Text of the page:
High levels of air pollutants, especially fine particulate matter (PM2.5) and to a lesser extent, ozone, may be linked to a heightened risk of developing mouth cancer, suggests the first study of its kind, published online in the Journal of Investigative Medicine.
The number of new cases, and deaths from, mouth cancer is increasing in many parts of the world. Known risk factors include smoking, drinking, human papilloma virus, and in parts of South East Asia, the chewing of betel quid (‘paan’), a mix of ingredients wrapped in betel leaf.
Exposure to heavy metals and emissions from petrochemical plants are also thought to be implicated in the development of the disease, while air pollution, especially PM2.5, is known to be harmful to respiratory and cardiovascular health.
To find out if air pollutants might have a role in the development of mouth cancer, the researchers mined national cancer, health, insurance, and air quality databases.
They drew on average levels of air pollutants (sulphur dioxide, carbon monoxide, ozone, nitrogen monoxide, nitrogen dioxide, and varying sizes of fine particulate matter), measured in 2009 at 66 air quality monitoring stations across Taiwan.
In 2012-13, they checked the health records of 482,659 men aged 40 and older who had attended preventive health services, and had provided information on smoking/betel quid chewing.
Diagnoses of mouth cancer were then linked to local area readings for air pollutants taken in 2009.
In 2012-13, 1617 cases of mouth cancer were diagnosed among the men. Unsurprisingly, smoking and frequent betel quid chewing were significantly associated with heightened risk of a diagnosis.
But so too were high levels of PM2.5. After taking account of potentially influential factors, increasing levels of PM2.5 were associated with an increasing risk of mouth cancer.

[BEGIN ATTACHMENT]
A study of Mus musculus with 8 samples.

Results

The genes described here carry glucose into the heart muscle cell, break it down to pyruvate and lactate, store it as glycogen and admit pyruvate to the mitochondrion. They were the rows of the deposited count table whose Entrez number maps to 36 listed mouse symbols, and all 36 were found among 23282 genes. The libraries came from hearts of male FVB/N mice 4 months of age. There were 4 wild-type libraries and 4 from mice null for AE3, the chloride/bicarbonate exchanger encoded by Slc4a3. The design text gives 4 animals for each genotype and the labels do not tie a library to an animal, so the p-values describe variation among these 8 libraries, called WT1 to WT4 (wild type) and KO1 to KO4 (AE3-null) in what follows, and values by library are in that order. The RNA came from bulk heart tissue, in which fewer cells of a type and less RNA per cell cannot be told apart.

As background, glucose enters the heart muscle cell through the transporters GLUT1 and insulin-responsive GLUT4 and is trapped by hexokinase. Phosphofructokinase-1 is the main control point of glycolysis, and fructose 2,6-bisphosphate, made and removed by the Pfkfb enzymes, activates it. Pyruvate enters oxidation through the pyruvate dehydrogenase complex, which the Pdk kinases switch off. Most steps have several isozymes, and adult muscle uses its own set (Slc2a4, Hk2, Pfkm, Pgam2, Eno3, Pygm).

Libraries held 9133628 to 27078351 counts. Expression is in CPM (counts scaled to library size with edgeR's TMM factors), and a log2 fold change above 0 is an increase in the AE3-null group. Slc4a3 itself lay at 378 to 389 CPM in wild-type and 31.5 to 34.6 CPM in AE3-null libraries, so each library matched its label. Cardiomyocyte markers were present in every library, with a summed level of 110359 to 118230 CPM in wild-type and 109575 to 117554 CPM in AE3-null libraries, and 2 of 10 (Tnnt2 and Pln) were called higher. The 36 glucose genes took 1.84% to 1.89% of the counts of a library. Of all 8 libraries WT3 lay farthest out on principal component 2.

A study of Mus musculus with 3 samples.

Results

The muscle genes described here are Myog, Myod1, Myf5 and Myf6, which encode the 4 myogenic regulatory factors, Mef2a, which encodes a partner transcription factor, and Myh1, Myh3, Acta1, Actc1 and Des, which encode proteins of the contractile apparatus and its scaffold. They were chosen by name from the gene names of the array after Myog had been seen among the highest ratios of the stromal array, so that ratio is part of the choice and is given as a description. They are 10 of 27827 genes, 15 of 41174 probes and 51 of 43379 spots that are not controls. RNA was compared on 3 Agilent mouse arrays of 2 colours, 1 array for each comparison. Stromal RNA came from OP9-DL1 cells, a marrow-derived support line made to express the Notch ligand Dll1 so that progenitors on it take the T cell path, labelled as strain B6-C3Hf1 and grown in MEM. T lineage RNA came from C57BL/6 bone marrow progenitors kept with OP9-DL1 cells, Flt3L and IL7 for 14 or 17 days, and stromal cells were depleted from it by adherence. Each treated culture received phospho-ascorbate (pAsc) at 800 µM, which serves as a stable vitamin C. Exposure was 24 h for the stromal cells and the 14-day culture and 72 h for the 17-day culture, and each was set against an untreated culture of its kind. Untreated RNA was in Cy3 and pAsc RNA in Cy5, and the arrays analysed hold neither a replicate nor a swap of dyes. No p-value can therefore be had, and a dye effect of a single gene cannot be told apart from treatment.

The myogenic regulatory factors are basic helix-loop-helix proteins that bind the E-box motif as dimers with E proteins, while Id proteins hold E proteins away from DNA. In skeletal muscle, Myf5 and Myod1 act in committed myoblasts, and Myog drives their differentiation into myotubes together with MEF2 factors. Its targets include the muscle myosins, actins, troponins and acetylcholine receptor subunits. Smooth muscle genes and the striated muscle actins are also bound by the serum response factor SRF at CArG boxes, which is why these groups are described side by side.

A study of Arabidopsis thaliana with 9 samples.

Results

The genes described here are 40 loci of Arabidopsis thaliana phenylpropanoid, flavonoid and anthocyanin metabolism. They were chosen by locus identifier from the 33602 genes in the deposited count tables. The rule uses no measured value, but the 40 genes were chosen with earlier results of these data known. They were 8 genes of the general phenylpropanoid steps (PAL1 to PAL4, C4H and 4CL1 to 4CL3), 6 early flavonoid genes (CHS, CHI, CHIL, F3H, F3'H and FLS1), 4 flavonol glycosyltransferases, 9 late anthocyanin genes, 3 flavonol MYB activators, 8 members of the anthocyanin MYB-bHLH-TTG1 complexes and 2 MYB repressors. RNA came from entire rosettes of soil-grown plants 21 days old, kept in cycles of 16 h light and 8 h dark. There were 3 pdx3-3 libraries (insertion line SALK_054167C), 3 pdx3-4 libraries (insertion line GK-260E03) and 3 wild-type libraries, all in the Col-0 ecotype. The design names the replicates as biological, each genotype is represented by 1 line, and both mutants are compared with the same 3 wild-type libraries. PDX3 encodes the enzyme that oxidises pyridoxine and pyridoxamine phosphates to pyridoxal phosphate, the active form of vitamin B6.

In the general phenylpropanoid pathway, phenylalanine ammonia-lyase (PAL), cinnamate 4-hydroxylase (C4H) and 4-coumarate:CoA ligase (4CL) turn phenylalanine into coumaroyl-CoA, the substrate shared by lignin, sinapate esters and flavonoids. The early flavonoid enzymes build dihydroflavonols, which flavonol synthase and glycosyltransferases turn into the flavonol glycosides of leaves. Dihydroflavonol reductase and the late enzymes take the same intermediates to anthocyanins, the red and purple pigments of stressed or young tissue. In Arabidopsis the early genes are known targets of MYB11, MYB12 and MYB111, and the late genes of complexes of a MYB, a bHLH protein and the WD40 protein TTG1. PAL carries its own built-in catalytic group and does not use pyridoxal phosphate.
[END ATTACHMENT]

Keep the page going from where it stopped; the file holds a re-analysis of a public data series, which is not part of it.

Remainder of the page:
When compared with levels below 26.74 ug/m3, those above 40.37 ug/ m3 were associated with a 43 per cent heightened risk of a mouth cancer diagnosis.
A significant association was also observed for ozone levels below 28.69-30.97 parts per billion.
This is an observational study, and as such, can’t establish cause. And there are certain caveats to consider, say the researchers. These include the lack of data on how much PM2.5 enters the mouth, or on long term exposure to this pollutant.
Nor is it clear how air pollutants might contribute to mouth cancer, they acknowledge, and further research would be needed to delve further into this.
But some of the components of PM2.5 include heavy metals, as well as compounds such as polycyclic aromatic hydrocarbons-known cancer causing agents-they say.
And the smaller diameter, but larger surface area, of PM2.5 means that it can be relatively easily absorbed while at the same time potentially wreaking greater havoc on the body, they suggest.